Three out of the four most highly paid executives at Alaska Air took pay cuts in 2020 — including a drop of more than 40% by its CEO — a year when the airline lost $1.3 billion due to the hit to air travel from the COVID-19 pandemic.

According to Alaska’s proxy statement filed on Friday, which details executive pay, the airline’s board in November partly alleviated the pay cuts through special awards of stock and options aimed at “retaining key team members who had been stewards of the Company through a pandemic.”

The one executive whose compensation increased last year was Ben Minicucci, who on Wednesday takes over as chief executive from highly regarded retiring CEO Brad Tilden. For that promotion, the board granted Minicucci stock and options worth $1.5 million that, along with the November awards, made up for the other hits to his total compensation.

As a result, Minicucci’s effective total compensation rose from $3.5 million in 2019 to $3.9 million in 2020.

In Friday’s filing, the board stated the special grant to Minicucci was “to recognize his heightened responsibilities as the Company’s next CEO, to acknowledge his instrumental role as President through the COVID-19 crisis … to sustain Mr. Minicucci’s engagement, and to align his long- term compensation” with Alaska’s long-term performance.

The proxy filing details total compensation in 2020 for Tilden and Minicucci, as well as Chief Financial Officer Shane Tackett, Chief Commercial Officer Andrew Harrison and Chief Operating Officer Gary Beck.


Stock awards suddenly worthless

Both Tilden and Minicucci gave up their base salaries for the first seven months of the pandemic-driven airline crisis while the other executives took a 30% base pay reduction in the same period.

For executives, stock awards make up a much larger portion of total compensation than base salary. Those, too, were hit by the pandemic. A portion of the stock grants awarded in February 2020 and in the two previous years were dependent on hitting financial targets that just a month later it was clear would be impossible to meet.

For that reason, the figures listed in the “summary compensation table” in Friday’s financial filing — which appear to show that each executive earned more last year than in 2019 — are misleading.

Details elsewhere in the filing reveal that those figures include the expected value of stock awards on the day they were granted, millions of dollars that disappeared with the company’s abysmal 2020 financial performance.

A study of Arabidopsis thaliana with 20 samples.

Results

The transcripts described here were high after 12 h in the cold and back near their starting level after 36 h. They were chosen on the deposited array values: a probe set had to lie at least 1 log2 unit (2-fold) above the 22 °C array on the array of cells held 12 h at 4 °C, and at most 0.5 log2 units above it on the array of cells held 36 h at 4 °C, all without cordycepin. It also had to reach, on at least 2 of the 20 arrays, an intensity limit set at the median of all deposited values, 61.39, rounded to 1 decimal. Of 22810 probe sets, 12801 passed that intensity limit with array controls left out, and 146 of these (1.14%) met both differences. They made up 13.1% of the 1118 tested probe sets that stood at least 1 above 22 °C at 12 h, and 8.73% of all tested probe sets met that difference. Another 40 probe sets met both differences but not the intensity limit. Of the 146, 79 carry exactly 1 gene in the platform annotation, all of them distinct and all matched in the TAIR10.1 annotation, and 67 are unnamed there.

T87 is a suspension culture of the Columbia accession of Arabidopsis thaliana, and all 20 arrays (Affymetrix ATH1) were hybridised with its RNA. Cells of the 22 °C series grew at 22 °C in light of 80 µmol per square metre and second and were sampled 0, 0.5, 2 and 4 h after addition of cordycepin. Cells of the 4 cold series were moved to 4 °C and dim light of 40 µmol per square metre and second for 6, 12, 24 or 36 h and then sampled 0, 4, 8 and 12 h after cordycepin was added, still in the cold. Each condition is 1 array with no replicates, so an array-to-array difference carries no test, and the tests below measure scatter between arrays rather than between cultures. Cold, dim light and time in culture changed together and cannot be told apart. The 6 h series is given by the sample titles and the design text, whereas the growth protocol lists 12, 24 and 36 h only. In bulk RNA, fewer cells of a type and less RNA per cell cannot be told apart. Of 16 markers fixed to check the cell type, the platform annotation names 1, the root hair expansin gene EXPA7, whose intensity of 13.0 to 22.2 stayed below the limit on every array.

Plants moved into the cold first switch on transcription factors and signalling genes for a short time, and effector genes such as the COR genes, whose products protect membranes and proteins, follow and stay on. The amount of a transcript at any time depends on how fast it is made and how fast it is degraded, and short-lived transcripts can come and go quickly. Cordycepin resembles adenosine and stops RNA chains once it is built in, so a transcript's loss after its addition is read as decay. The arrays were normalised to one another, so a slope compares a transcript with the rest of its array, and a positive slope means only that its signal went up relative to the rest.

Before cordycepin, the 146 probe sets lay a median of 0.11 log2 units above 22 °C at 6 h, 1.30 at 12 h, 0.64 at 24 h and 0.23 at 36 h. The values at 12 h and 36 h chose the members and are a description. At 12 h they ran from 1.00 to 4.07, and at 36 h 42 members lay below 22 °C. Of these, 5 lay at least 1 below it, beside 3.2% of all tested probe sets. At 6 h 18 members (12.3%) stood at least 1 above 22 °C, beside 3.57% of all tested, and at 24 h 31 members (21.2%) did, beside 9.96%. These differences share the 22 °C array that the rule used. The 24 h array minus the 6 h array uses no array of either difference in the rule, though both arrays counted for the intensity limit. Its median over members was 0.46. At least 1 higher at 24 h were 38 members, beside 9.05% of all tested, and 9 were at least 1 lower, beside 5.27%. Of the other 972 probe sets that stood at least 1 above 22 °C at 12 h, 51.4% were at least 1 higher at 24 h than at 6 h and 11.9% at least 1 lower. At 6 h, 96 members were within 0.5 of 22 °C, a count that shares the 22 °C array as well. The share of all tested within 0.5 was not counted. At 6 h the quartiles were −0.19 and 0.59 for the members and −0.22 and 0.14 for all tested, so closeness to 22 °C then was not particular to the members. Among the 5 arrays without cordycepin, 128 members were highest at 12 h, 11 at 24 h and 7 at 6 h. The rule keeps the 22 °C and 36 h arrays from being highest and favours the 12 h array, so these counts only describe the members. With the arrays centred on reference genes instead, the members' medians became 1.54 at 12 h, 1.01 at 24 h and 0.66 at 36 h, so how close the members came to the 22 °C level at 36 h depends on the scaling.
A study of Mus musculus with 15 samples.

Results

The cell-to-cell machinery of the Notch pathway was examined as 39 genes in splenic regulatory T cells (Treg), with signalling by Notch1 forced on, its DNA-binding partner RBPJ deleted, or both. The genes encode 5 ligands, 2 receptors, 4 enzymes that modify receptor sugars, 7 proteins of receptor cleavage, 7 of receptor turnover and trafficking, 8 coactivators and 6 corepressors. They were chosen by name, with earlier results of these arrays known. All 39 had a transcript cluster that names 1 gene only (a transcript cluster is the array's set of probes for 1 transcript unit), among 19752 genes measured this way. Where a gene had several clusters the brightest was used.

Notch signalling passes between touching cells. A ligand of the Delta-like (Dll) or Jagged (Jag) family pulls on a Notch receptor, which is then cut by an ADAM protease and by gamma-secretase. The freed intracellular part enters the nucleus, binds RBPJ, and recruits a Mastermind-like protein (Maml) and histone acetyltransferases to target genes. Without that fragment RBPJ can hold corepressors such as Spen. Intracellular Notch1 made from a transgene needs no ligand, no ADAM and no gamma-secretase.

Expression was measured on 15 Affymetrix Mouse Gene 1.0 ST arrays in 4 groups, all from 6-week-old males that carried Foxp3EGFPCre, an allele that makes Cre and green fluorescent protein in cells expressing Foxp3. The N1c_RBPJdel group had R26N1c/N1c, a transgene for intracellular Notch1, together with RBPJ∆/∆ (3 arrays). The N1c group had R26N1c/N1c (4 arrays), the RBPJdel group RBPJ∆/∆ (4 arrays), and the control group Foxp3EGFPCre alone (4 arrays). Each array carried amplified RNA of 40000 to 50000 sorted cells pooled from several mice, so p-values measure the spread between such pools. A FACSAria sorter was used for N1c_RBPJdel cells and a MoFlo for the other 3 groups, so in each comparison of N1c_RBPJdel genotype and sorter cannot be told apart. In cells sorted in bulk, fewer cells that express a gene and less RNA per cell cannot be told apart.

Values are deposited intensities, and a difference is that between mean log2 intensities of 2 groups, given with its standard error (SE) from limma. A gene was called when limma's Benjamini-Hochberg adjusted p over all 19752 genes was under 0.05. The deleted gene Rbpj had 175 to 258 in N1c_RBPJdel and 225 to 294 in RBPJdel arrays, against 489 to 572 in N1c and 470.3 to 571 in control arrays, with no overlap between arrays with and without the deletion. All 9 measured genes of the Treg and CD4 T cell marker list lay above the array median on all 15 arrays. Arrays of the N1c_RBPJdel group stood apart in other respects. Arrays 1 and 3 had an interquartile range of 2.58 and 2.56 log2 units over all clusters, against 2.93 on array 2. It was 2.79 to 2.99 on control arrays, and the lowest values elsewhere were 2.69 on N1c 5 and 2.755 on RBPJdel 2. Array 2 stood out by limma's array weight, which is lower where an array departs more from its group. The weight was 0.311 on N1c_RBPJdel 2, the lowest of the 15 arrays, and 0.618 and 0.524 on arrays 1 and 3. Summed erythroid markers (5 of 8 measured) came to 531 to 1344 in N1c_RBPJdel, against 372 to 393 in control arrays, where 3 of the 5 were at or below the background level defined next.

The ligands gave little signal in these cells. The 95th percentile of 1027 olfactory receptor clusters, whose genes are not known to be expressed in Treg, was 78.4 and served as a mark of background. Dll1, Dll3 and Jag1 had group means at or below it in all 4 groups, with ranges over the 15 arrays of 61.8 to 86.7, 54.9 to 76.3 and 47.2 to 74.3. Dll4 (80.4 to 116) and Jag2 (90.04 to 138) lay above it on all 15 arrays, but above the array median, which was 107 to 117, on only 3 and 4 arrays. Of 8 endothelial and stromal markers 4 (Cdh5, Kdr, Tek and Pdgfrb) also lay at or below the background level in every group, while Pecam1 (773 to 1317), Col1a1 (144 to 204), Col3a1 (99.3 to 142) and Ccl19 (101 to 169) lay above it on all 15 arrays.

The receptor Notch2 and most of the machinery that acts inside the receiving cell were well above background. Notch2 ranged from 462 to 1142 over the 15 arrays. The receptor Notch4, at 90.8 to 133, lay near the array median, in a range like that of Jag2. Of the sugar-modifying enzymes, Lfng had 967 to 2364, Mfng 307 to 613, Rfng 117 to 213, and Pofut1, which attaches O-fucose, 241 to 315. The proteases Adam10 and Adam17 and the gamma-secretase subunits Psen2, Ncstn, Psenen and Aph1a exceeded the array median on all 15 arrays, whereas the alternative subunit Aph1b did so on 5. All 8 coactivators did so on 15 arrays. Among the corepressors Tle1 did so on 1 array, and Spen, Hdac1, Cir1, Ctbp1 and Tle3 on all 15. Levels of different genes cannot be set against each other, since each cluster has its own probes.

Tilden, for example, was credited with 18,000 shares in February 2020 that were then valued at $1.2 million. But cashing in those shares required achieving financial returns now completely out of reach.

“As soon as COVID hit, from an accounting perspective, we wrote off the full value. The award of 18,000 shares in February 2020 are now worth zero,” said Chris Berry, Alaska’s vice president of finance, in an interview. “They were granted in February and became worthless in March.”


The same applies to the portions of Tilden’s stock awards in 2019 and 2018 that were dependent on the company’s financial performance over a three-year period. The lost value of awards in those two years zeroed out an additional $1.7 million in Tilden’s expected 2020 compensation.

Retention grants reduce the pay hit

The upshot is that Tilden’s adjusted total compensation in 2020 was $3.2 million, down from $5.5 million in 2019, a more than 40% cut.

After Wednesday, Tilden remains chairman of Alaska’s board.

Tackett’s total compensation didn’t plunge so much, because he was promoted to CFO in March 2020 with a requisite increase in salary and stock awards. His adjusted total compensation in 2020 was $2 million, down from $2.1 million in 2019.

Harrison’s adjusted total compensation in 2020 was $1.5 million, down from $2.6 million in 2019.

Beck’s adjusted total compensation in 2020 was $1.8 million. He became COO only late in 2019 and so his total compensation for that year is not available.

Beck retires as COO on April 3, though he will stay on until February next year as special adviser to the CEO. Constance von Muehlen succeeds Beck as COO in April.


All of the executives would have taken a bigger compensation cut if not for the board awarding the “retention grants” in November.

Tilden was granted stock and options worth $1 million. Minicucci’s were valued at $750,000 and those of Tackett, Harrison and Beck at $500,000 each.

These retention grants, which will pay out in equal installments in each of the next three years, are conditional on continued employment for that period, or in Tilden’s case continued service as board chair.

The proxy filing cites the present value of Tilden’s retirement package as $5.4 million.